Big Bear Lake Online Reservations

Fishing Big Bear Lake

Note: Some of these links will take you out the Fishing page to another site. These links will open a new window.

It used to be that when a person was hungry for fish, they'd attach worm to a string on a stick. And even earlier, just a stick. Nowadays catching fish has been made significantly easier, but at the same time maddeningly difficult. There are such a variety of fishing equipment out there, one becomes dizzy with all the choices in a sports shop. Below is a list of services and advice to get you started.

Fishing Sport Shops

Alpine Sports Center

41530 Big Bear Blvd.
Big Bear Lake, CA 92315
(909) 866-7541

Bear Mountain Jr. Market

40517 Big Bear Blvd.
Big Bear Lake, CA 92315
(909) 866-2120

Big Bear Queen

Corner of Paine Road and Lake View Drive
Big Bear Lake, CA 92315
(909) 866-3218

Big Bear Sporting Goods

40544 Big Bear Blvd.
Big Bear Lake, CA 92315
(909) 866-3222

Tackling Fishing

Fishing in can be a bit more tricky than just knowing who's who in the fish world. It takes the knowledge of great anglers to help you along. Each fish like to swim around Big Bear Lake as they prefer a particular temperature. For Big Bear Lake water temp. refer to the fishing report.

Fishing poles:

There is a variety of fishing poles in all price ranges. Some poles run as little as $10 to a few thousand dollars! That's a long way from a stick and some string!

Bait:

There is a variety of bait available for fishing in Big Bear Lake. Each bait has its own fish, relatively speaking some eat the same. Please refer to Big Bear Fish guide above. Grub smoke lure is a type of live bait.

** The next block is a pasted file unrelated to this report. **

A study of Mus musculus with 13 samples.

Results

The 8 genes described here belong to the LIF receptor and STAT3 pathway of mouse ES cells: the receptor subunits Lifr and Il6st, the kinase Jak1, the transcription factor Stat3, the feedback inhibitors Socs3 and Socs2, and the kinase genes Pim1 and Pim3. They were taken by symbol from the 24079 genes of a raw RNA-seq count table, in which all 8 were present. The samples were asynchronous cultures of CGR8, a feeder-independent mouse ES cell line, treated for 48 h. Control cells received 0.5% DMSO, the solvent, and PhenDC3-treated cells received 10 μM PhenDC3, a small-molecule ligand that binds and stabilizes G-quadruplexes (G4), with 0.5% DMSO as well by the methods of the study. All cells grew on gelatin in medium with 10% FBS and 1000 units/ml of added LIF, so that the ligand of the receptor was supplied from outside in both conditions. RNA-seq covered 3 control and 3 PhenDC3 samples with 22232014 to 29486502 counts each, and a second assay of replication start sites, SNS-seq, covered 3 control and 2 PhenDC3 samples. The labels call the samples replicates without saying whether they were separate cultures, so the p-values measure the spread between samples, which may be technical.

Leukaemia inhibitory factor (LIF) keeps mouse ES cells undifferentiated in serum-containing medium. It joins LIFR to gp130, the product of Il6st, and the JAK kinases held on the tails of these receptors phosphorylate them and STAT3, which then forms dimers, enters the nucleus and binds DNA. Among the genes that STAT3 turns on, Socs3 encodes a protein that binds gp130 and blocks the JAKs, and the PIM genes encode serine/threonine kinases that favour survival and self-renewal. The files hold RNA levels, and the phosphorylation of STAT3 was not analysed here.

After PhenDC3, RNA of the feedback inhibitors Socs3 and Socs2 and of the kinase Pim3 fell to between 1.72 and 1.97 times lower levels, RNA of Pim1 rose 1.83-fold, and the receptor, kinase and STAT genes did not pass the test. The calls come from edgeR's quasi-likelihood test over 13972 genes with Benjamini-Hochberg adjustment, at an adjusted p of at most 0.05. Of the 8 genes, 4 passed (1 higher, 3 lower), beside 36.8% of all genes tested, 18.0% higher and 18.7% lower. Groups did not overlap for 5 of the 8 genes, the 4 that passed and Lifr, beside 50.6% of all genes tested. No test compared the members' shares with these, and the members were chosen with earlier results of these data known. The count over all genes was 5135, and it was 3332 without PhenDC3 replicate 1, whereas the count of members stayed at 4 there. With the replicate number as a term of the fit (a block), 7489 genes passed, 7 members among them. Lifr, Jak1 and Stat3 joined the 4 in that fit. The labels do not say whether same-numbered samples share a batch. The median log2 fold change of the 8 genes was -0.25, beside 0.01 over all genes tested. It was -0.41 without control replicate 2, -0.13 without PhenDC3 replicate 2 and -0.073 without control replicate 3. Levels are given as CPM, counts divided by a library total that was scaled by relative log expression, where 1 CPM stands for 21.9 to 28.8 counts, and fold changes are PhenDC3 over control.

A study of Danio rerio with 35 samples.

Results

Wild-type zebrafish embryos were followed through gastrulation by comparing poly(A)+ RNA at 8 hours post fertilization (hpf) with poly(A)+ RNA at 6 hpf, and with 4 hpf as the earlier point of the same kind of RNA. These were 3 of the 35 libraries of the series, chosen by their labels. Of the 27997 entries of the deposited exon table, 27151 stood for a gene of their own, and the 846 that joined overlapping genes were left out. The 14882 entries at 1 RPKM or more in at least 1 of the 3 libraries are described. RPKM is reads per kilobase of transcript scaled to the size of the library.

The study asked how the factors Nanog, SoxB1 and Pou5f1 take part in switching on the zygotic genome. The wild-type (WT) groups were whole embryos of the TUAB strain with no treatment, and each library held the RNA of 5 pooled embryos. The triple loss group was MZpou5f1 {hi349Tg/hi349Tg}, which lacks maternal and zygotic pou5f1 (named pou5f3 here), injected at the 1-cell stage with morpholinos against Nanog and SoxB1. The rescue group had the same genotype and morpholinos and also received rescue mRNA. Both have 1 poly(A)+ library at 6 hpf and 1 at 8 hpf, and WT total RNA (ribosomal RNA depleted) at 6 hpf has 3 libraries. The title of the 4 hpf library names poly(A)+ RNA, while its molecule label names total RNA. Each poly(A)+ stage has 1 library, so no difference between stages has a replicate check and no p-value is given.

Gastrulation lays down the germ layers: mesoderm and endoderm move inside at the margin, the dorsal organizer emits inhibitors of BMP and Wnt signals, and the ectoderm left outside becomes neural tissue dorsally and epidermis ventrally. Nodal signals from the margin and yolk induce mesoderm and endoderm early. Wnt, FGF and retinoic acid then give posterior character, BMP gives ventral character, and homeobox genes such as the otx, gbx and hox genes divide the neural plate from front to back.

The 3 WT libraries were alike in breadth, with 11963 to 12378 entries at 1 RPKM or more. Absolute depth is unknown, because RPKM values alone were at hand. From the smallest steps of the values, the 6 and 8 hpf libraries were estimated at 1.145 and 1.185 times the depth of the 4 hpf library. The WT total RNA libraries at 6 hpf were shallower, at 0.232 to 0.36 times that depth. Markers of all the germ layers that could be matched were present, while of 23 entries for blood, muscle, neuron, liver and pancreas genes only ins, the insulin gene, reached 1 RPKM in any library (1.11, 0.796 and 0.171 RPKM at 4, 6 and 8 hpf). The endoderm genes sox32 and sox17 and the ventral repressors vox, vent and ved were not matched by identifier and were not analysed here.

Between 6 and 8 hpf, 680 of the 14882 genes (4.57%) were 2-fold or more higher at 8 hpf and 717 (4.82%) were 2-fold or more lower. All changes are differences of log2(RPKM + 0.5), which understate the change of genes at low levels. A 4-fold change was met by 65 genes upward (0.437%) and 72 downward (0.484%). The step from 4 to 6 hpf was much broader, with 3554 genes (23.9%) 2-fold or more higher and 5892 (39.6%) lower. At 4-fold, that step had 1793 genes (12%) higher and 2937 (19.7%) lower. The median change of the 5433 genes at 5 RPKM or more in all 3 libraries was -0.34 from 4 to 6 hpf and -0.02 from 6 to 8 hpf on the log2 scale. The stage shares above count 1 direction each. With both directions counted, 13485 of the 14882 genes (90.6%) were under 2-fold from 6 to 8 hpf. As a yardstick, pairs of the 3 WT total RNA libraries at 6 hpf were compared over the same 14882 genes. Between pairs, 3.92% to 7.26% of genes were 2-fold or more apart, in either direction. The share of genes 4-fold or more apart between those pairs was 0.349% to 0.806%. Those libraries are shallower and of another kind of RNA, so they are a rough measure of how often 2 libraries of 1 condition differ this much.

Lure:

There are a variety of lures available. The basic ones are rainbow rapala, flasher rig and DK downs. A rainbow rapala is a pretty fishing lure that resembles a tiny fish. Flasher rig is a type of lure with flayed ends. DK down and DK brown down are plastic worms.

Big Bear Lake Fish

Black Crappie:

A black crappie reaches about 1.5 pounds. When fishing for crappie, use minnows, shiners, or shad, two to three inches long. Crappie will hit small rapalas, or Broken Backs, however, the most popular lure is an 1/8th ounce lead head jig with a rubber or marabou skirt. The most popular colors are green and white, red and white, yellow and white and purple and black. The jigs can be suspended from a bobber or jigged at a variety of depths.

Blue Catfish:

Blue catfish grow with its environment. It is not strange to see a 10-pound catfish. Catch this fish with shrimp, nightcrawlers, clams, mackerel, red worms, minnows, fish belly strips or even your leftover hotdog!

Bluegill:

This fish weigh about 2 pounds. Pieces of nightcrawlers, redworms, mealworms, grubs and nymphs are good bait. Use a small hook, #10, and suspend the bait from a bobber of fish the bottom in shallows near tules. Small spinners and bass plugs will also induce bluegill to strike.

Carp:

Carp can be caught while fishing Big Bear Lake with PowerBait nuggets.

Smallmouth Bass:

Smallmouth bass prefer cool water and are bottom dwellers. They tend to stay at about 30 feet below the water. These fish weighs less than three pounds. When fishing Big Bear Lake's smallmouth bass use bucktail streamers, spinners, flies, spoons, minnows, small crawfish, nightcrawlers or hellgramites. In autumn, surface plugs will work. Refer to the fish report for updates.

Largemouth Bass:

Largemouth bass live as long as 15 years and can weigh more than 20 pounds. They eat other fish like bluegill and other critters such as frogs, crawdads and sometimes even ducks! Use heavy duty equipment and plenty of bait like minnows, crawfish, nightcrawlers or hellgramites.

Rainbow Trout:

This fish is caught with insects, snails, worms, sowbugs, crawfish, roe and small fish. The weight varies with this fish.